Santa Claus comes to town
December 4, 2004
It’s when they first link eyes that the magic happens – that ancient, all-knowing twinkle meeting the pure wonder and joy of the Christmas season.
Some extend their arms and lunge into a flailing headlong checkmate toward Santa, bopping into his leg and hoisting themselves up onto his lap like a pirate boarding a merchant ship.
Others immediately close their eyes, turn their heads and run for the nearest relative.
And those are just the parents.
Santa Claus took time out from his busy holiday schedule to make a special appearance from 11 a.m. to 3 p.m. at the Children’s Museum of Northern Nevada on Saturday.
Rocking back and forth in his special wooden chair, Santa took in-person requests from a line of excited children while giving them his special brand of Christmastime interrogation and posing for pictures.
“Do you eat your broccoli and Brussels sprouts?”
“How are your grades?”
Santa, who goes by the alias “Nick McGahuey” when he’s incognito in Carson City, has been wearing the floppy red and white hat for the past four years. Not surprisingly, he says it’s rare to find children who admit to being anything but perfect angels around this time of year.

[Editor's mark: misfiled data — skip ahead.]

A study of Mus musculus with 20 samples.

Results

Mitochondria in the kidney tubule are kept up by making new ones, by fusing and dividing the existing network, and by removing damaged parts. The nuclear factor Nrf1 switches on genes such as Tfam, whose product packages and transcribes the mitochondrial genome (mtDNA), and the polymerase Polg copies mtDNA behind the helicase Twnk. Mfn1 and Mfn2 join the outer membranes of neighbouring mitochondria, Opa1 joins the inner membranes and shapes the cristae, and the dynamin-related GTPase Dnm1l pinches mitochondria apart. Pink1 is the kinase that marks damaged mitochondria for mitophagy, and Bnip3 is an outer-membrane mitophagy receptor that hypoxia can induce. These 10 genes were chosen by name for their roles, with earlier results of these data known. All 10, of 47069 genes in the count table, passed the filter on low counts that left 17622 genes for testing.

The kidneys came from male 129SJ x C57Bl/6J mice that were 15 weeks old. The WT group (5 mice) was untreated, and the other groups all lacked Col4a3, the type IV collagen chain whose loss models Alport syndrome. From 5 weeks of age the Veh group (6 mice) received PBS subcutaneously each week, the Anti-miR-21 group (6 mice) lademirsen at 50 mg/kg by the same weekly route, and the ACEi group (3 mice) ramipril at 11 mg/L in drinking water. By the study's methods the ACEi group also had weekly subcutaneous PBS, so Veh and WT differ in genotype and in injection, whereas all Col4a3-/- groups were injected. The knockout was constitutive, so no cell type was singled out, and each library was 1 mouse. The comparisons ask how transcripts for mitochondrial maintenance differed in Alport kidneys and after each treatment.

Donald Hurst has met Santa before. He knows the drill, all the right answers. Hop up on the lap and get right to the point.
“I want a skateboard,” he says. He takes his candy cane and goes to find his little brother, who’s run off somewhere.
Hailey Gunter gets a case of the giggles while Old Saint Nick asks her how she’s been. She admits to getting a few “time-outs.”
Then it’s mom’s turn to take a seat on the big red confessional knee.
“We go way back,” she laughs, then proceeds to ask Santa for a carousel horse. “The big one, not the little one,” she insists.
“Mostly the kids are asking for generic things this year,” says Santa. “Dolls, trucks … those kind of things.” Occasionally he gets a request for some esoteric little toy or brand that he has to have the elves look in to.
Speaking of the little pointy-ear workers, Santa says they’re doing very well. “We play a lot of Santa football,” he says, ostensibly. It’s a game that involves Santa versus everyone under three-feet tall. “They love it,” he chuckles.
Twins Hailey and Morgan Weight, dressed up for their ballet performance of “The Nutcracker” in Virginia City, planned to leave some cheesecake out for Santa’s Christmas visit. Hailey had her mind set on a Barbie doll, while Morgan, future “animal doctor,” was looking for a giraffe. One that would fit inside her room, anyhow.
Bashful Chanell Capicola, celebrating her 4th birthday, was out with grandparents Harvey and Susan Lee. After a little prodding, she finally took hold of Santa’s finger and immersed herself into the magic of Christmas.
Contact reporter Peter Thompson at firstname.lastname@example.org or 881-1215.